Imagine a kid who thinks his parents let his younger brother get away with too much bad behavior. His parents think that some of his younger brother's bad habits are just "phases" that he will grow out of. They are wrong; the younger brother's habits are at least semi-permanent and will negatively influence his life for a very long time.
But the older kid still tries to fill up what he sees as a lack of discipline through his own action, although he is just an older sibling. Of course, this doesn't work very well. He knows something needs to be done, but has no idea of what it should be. So he manages things in horribly incompetent ways; he lacks the knowledge of what offenses must be stopped and what offenses should be ignored; and even if he possessed the knowledge, he still would not be able to enforce it. So he mucks it up.
Take this as an analogy for the current situation in the Church.
Catholic bishops and, perhaps, the Pope, are the parents. Crazed Catholic traditionalists are the older brother. The parents' refusal to act as an authority is the hierarchy's refusal to actually teach the Church, in a substantive manner, over the last forty-odd years. The unfortunate attempts to teach the younger brother are like upstart traditionalist groups attempting to bring right doctrine to the world.
The attempts are awkward, first, because often the traditionalists are somewhat theologically inept, at least sometimes. They don't always know what is absolute and what is not, just like the brother does not; the groups often come from laymen reacting against egregious abuses, and who are well-intentioned but know little theology. So they make mistakes, and the mistakes sap their already non-existent authority.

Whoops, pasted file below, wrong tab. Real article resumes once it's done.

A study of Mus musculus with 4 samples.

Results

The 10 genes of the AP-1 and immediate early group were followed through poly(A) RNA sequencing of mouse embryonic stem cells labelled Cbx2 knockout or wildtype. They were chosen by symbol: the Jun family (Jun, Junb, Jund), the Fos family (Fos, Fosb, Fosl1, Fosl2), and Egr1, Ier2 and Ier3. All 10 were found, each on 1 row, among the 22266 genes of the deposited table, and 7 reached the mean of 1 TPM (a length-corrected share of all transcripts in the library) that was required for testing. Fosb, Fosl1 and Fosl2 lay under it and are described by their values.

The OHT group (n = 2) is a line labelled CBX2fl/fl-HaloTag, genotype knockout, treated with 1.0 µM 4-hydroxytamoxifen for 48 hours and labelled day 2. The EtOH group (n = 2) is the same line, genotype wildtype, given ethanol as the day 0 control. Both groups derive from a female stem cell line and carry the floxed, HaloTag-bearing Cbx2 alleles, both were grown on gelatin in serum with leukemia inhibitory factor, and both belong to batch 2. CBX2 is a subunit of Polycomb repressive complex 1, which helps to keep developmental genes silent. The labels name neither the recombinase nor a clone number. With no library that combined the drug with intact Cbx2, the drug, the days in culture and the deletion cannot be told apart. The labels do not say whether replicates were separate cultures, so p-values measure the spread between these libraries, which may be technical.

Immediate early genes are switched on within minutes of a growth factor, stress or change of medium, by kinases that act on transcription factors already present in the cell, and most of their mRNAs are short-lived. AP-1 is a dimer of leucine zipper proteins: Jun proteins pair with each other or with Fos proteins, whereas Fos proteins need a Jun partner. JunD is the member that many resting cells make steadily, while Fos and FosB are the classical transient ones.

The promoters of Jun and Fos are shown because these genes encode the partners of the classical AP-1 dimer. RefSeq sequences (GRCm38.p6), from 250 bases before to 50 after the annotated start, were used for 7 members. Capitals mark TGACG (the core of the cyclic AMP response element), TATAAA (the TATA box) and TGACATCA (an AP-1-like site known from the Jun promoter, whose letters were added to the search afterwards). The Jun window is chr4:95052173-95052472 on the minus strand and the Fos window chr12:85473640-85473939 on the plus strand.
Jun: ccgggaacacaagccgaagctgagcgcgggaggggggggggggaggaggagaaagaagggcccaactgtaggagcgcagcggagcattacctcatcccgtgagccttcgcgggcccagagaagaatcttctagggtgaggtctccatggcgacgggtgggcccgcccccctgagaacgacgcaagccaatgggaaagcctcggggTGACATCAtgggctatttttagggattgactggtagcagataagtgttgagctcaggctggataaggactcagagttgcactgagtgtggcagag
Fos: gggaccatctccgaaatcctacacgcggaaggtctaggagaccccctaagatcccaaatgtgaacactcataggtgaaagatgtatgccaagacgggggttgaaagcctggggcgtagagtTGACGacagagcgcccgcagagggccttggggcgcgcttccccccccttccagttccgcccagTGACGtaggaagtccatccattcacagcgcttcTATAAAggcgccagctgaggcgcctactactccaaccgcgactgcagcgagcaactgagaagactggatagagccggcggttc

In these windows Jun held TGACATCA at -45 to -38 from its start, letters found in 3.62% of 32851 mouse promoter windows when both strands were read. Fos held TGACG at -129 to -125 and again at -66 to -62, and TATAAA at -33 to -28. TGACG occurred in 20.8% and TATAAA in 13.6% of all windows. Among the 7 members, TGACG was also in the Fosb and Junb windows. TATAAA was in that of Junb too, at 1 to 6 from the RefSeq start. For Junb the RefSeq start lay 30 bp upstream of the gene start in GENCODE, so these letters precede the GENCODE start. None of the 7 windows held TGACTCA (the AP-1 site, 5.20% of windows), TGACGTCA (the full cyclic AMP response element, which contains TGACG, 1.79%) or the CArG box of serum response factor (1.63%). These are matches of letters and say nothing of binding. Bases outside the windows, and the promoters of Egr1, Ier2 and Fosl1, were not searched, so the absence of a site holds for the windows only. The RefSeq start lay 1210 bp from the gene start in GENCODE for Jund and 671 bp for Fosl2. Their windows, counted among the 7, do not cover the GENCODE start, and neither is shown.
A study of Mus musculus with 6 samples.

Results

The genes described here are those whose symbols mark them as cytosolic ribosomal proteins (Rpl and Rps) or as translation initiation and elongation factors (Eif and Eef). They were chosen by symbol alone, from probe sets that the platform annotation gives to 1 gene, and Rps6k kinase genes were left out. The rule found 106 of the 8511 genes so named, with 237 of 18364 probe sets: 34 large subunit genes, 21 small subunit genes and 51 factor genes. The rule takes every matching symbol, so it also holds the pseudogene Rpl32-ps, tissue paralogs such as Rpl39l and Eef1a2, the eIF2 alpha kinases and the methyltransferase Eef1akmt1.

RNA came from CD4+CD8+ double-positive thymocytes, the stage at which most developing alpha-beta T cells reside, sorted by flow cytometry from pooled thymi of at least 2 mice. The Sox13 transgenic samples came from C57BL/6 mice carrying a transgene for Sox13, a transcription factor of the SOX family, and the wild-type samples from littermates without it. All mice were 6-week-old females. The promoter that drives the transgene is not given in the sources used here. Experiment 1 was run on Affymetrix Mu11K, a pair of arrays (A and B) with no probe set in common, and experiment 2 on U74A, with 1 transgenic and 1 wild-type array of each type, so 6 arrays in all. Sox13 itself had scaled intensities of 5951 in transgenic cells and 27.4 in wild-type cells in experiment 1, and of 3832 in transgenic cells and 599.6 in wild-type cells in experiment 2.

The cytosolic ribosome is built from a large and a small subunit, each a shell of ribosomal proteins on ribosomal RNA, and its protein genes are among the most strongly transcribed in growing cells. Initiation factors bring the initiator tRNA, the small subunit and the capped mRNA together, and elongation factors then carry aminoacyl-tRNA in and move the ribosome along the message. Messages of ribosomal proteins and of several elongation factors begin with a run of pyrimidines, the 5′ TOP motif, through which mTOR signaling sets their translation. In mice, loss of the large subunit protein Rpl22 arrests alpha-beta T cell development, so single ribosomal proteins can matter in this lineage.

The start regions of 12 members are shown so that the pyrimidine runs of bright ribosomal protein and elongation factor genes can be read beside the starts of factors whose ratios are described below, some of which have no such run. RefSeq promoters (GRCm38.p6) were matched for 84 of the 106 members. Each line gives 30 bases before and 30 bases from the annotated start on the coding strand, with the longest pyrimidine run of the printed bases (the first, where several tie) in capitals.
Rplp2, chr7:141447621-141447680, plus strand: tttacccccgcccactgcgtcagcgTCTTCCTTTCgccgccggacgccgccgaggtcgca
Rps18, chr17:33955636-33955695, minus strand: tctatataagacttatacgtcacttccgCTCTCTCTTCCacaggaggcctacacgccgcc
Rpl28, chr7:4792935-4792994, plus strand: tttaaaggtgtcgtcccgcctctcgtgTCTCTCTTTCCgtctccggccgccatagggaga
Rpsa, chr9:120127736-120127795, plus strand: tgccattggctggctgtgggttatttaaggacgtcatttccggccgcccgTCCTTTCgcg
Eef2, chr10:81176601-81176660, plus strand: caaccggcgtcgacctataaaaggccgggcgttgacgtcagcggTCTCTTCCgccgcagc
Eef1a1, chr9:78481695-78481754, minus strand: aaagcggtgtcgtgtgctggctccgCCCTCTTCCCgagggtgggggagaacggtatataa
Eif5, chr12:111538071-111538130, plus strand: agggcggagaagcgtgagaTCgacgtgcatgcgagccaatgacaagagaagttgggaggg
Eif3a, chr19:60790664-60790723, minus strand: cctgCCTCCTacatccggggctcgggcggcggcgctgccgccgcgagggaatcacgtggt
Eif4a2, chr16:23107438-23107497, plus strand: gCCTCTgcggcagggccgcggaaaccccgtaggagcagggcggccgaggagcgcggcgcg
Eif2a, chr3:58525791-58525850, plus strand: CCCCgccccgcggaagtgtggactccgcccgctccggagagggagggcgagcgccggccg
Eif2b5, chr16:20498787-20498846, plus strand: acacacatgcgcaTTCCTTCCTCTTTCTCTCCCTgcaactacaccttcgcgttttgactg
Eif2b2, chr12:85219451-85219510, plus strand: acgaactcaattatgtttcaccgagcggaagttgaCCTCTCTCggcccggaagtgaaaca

The attempts are awkward, second, because if authority abdicates then the people who try to fulfill its functions (by teaching correctly) will be matched by those who who also try to fulfill its functions (by teaching incorrectly). So if you have someone out there saying that Catholics can't say sodomy is great, you'll also have someone out there saying that Catholics must say that sodomy is great, because if we do not then we will not be tolerant like Jesus.
So we need authority, and if we don't have it we're in trouble.
Authority cannot be willed into existence from nothing. It cannot be remedied by having someone who isn't the authority try to do all the things authority doesn't. There actually has to be the power to bind and to loose, in some sense. And if you speak without having that power, you soon tend to be a bit shrill: no one is listening, and so you perhaps feel the need to assert yourself even more.
In some ways, I fear some--not all--traditionalist Catholics can become somewhat Protestant in their attitude because of the aforementioned. Some Protestants--not all, necessarily--set up little enclaves, which then often split because no one has real authority in them. (I grew up in West Virginia, where these enclaves could be small indeed.) And traditionalists also seem to set up little enclaves, which also perhaps have a tendency to split over little things that might not even matter.